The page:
WASHINGTON, D.C. – In response to the continued disagreement in Afghanistan between Ashraf Ghani and Abdullah Abdullah about which of them won the September 2019 presidential election, Washington announced it will reduce its aid to the country by $1 billion and is prepared to cut another $1 billion in 2021.
“The United States is disappointed in them and what their conduct means for Afghanistan and our shared interests,” US Secretary of State Mike Pompeo said in a Monday statement about Abdullah and Ghani, Sputnik reported.
“Their failure has harmed US-Afghan relations and, sadly, dishonors those Afghan, Americans, and Coalition partners who have sacrificed their lives,” he added.
“Because this leadership failure poses a direct threat to US national interests, effective immediately, the US government will initiate a review of the scope of our cooperation with Afghanistan,” Pompeo said.
“Among other steps, we are today announcing a responsible adjustment to our spending in Afghanistan and immediately reducing assistance by $1 billion this year. We are prepared to reduce by another $1 billion in 2021,” he added.
“We will also initiate a review of all of our programs and projects to identify additional reductions, and reconsider our pledges to future donor conferences for Afghanistan. We have made clear to the leadership that we will not back security operations that are politically motivated, nor support political leaders who order such operations or those who advocate for or support parallel government,” Pompeo said.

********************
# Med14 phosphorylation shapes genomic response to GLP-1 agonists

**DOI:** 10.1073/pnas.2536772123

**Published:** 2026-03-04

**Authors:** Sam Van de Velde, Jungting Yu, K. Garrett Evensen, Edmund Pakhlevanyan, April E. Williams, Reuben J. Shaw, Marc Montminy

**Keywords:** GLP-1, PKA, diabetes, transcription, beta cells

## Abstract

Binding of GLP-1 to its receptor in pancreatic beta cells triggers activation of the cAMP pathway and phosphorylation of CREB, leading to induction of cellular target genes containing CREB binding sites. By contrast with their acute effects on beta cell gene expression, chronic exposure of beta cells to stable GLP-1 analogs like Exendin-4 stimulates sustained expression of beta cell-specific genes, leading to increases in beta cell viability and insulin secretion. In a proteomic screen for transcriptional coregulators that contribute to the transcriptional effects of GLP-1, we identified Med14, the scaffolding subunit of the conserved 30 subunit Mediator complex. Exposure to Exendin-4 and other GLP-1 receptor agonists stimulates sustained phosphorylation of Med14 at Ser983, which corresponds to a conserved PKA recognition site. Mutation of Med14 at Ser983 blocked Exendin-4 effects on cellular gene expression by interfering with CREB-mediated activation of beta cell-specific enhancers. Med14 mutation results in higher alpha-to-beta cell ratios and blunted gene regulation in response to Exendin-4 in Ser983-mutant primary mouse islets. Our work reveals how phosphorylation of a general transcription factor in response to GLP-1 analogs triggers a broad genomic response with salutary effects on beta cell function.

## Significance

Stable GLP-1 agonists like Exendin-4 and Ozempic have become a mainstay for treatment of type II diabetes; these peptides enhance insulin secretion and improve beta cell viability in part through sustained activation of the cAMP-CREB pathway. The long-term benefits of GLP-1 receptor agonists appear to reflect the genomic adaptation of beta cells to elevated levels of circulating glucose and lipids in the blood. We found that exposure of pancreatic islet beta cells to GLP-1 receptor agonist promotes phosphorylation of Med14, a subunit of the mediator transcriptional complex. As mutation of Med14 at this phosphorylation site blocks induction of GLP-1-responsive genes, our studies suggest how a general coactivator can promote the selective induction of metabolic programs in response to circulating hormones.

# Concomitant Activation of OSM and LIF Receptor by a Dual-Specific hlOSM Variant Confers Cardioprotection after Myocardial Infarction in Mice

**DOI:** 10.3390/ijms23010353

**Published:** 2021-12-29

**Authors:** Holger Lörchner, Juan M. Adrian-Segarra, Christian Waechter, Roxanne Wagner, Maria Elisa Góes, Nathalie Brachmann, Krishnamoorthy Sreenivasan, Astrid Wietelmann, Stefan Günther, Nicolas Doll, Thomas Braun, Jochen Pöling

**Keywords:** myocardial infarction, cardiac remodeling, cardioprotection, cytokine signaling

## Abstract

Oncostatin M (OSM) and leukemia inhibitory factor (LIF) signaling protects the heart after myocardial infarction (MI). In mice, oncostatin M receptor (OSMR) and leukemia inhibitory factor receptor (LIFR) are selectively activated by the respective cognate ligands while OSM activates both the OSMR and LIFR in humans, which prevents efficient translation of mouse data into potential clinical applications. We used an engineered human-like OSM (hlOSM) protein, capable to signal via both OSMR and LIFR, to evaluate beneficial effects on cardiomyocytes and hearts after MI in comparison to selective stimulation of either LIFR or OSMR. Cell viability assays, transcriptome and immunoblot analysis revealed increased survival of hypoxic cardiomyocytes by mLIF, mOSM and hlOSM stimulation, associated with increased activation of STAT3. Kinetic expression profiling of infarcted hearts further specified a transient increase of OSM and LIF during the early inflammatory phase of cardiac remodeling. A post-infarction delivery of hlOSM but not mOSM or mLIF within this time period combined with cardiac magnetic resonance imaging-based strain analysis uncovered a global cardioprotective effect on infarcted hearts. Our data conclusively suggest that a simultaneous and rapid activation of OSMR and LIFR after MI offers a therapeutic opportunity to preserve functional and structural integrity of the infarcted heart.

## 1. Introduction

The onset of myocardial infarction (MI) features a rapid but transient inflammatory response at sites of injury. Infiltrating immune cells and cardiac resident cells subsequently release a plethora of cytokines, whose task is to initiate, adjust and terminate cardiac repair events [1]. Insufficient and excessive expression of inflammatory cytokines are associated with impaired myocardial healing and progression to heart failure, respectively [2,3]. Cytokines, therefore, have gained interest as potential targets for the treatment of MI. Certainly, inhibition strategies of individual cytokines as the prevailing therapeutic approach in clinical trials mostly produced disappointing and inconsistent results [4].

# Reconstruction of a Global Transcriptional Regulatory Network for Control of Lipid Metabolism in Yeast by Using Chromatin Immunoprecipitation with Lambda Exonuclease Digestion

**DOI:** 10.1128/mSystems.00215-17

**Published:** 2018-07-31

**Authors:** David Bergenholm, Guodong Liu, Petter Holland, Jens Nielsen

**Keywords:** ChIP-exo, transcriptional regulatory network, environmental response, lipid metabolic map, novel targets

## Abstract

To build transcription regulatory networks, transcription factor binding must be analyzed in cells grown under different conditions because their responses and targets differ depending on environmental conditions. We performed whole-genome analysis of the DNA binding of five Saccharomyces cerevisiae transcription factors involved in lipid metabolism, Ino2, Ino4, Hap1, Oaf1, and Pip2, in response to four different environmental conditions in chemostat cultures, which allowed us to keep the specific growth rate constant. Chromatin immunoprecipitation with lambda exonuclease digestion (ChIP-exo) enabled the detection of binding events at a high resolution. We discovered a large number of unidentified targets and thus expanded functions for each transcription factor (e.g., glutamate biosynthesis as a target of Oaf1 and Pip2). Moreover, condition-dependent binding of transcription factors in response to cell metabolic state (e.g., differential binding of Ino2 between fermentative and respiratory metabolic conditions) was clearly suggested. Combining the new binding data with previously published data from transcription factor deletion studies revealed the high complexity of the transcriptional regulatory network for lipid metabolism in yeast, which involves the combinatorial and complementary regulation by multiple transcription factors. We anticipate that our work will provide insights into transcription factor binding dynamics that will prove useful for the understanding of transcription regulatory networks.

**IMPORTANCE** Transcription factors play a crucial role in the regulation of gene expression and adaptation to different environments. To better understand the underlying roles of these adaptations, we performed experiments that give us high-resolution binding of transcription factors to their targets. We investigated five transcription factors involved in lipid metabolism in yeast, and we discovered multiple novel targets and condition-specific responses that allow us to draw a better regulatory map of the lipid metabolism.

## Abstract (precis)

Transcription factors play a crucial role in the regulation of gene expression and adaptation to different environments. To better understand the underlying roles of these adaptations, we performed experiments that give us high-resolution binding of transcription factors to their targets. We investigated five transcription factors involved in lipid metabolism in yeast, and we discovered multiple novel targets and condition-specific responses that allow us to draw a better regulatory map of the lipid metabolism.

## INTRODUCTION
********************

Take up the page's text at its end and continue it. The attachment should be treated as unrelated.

Pompeo indicated the US would continue its conditional withdrawal agreed upon with the Taliban militant group. He met with Taliban officials in Doha, Qatar, earlier on Monday.
The US provides roughly $4.5 billion annually for the Afghan National Security Forces (ANSF), covering 75% of its budget, according to the Congressional Research Service. US budget requests for 2021 included $4 billion for the ANSF budget. Funding cuts come shortly after Pompeo made an emergency visit to Kabul to speak with both politicians, each of whom declared themselves president of Afghanistan.
Ghani, the incumbent, was declared the election’s winner by the election commission and sworn in for a new term on March 9, but Abdullah has said Ghani’s votes were stolen and threatened to swear himself in as president instead. Abdullah was Ghani’s chief executive and the effective head of government, an office created as a power-sharing agreement when he narrowly lost the previous election in 2014.